NSU President: ‘We don’t want to repeat this, ever again’

NORFOLK, Va. (WAVY) – Norfolk State University administrators hosted a town hall meeting Wednesday to discuss the school’s accreditation status.

Tuesday, NSU announced the Southern Association of Colleges and Schools Commission on Colleges (SACSCOC) voted to remove NSU from probation status.

In a news release, officials said NSU is no longer under the accreditation sanction. Dozens gathered in the NSU student center Wednesday to understand what the news meant.

Junior NSU student Brittnie West said, “People around me were saying we were going to close.”

Although for some, the last year was uncertain, NSU administrators made the future more clear.

During the town hall meeting, Dr. Sandra DeLoatch, Provost and Vice President for Academic Affairs told the crowd, “I am pleased to inform you that on yesterday the Board of Trustees for the Southern Association of Colleges and Schools The Commission on Colleges has determined that Norfolk State University has satisfied all of the previously listed accreditation requirements and has voted to remove the university from probation.”

It was welcomed news to students.

“I was happy. I was like there you go Norfolk. I’m proud of you. Keep it going. We’re Spartans. We’re strong,” Roderick Ragsdale, Jr., Sophomore NSU student said.

“I had total faith in my university so I was like they got this. They may not have it right now, but it’s going to be fixed,” West said.

10 On Your Side has frequently reported on the problems facing NSU. In 2013 the university was given a warning, and then in 2014 it was put on probation.

“It has to do with a lack of continuity in leadership,” Gerald Hunter, Vice President for Finance and Administration said. “Over a period of time it’s pretty easy for an institution that is as complex as a university to get out of compliance.”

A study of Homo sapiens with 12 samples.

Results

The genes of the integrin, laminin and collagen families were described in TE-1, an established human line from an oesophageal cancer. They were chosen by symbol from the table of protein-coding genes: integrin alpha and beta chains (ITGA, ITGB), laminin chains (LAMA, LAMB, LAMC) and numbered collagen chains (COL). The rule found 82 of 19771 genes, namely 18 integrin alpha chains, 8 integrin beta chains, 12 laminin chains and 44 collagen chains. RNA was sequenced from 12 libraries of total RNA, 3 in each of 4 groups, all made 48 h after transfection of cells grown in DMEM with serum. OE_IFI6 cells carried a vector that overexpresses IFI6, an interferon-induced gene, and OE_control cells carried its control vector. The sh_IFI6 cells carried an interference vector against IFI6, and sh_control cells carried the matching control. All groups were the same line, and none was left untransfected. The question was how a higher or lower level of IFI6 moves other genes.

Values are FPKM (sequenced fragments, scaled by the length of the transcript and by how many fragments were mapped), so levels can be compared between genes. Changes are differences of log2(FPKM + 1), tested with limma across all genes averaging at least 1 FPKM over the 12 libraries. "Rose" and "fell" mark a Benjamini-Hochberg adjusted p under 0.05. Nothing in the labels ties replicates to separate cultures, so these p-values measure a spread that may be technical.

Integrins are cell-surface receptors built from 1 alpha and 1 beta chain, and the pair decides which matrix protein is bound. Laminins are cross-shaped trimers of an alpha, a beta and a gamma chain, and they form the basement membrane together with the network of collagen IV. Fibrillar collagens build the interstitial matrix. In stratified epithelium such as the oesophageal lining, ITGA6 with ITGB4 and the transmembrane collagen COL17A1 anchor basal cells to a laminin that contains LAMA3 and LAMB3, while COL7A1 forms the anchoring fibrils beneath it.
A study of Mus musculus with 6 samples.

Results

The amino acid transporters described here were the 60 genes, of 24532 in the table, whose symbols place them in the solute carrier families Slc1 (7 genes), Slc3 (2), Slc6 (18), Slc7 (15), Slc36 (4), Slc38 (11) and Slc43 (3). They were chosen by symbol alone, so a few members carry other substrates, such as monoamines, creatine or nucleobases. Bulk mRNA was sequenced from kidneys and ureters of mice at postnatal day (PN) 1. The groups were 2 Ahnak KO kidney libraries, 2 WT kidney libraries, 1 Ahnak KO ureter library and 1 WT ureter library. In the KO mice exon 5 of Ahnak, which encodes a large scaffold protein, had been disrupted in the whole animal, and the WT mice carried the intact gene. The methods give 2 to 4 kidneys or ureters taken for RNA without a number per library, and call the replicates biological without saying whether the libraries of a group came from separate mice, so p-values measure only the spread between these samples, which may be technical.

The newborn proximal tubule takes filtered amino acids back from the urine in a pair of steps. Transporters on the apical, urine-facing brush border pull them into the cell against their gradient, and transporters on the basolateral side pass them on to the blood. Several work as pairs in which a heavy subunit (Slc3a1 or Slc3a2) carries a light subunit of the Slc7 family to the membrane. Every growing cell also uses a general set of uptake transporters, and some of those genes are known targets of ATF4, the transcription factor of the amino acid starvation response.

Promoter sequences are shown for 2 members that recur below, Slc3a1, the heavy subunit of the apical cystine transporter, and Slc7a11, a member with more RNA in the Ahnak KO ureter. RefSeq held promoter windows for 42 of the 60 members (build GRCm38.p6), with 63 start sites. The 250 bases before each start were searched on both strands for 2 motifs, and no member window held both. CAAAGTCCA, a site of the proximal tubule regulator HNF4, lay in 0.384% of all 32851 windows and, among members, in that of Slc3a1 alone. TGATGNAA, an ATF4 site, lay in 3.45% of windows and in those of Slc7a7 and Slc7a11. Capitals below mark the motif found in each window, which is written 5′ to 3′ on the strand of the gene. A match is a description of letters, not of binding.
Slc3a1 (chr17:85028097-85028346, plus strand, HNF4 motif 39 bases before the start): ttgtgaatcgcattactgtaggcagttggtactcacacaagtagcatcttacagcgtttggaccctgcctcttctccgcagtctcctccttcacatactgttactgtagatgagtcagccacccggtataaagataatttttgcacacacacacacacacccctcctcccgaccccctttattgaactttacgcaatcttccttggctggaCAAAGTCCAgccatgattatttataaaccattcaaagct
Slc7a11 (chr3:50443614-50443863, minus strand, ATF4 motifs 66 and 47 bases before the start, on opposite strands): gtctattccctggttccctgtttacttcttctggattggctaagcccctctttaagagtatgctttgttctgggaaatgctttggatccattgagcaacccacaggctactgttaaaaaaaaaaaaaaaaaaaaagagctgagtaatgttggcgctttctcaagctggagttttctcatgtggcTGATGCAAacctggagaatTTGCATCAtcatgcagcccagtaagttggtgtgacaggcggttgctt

Dr. DeLoatch announced during the town hall meeting there were 14 different areas that led to probation. The list included issues related to governing, academics and finances.

“As we reviewed and completed the financial reports for the prior fiscal years there was no theft, there was no misfeasance. There was nothing inappropriate. The issue had to do with the inability to complete the financial statements,” Hunter said.

To prove compliance in some cases meant making changes. In others it meant providing documents to show things were already in line with the expected standards.

“We know that probation sounds very ominous and bad and so we’re just glad to have it lifted so we can go back to business as usual,” Dr. DeLoatch said.

Interim President Eddie Moore, Jr. said, “We don’t want to repeat this ever again.”

School leaders say even though they are breathing a sigh of relief right now, this process was just preparation for their 10 year review that will happen in two years.

For now, their number one priority is to increase the graduation rate.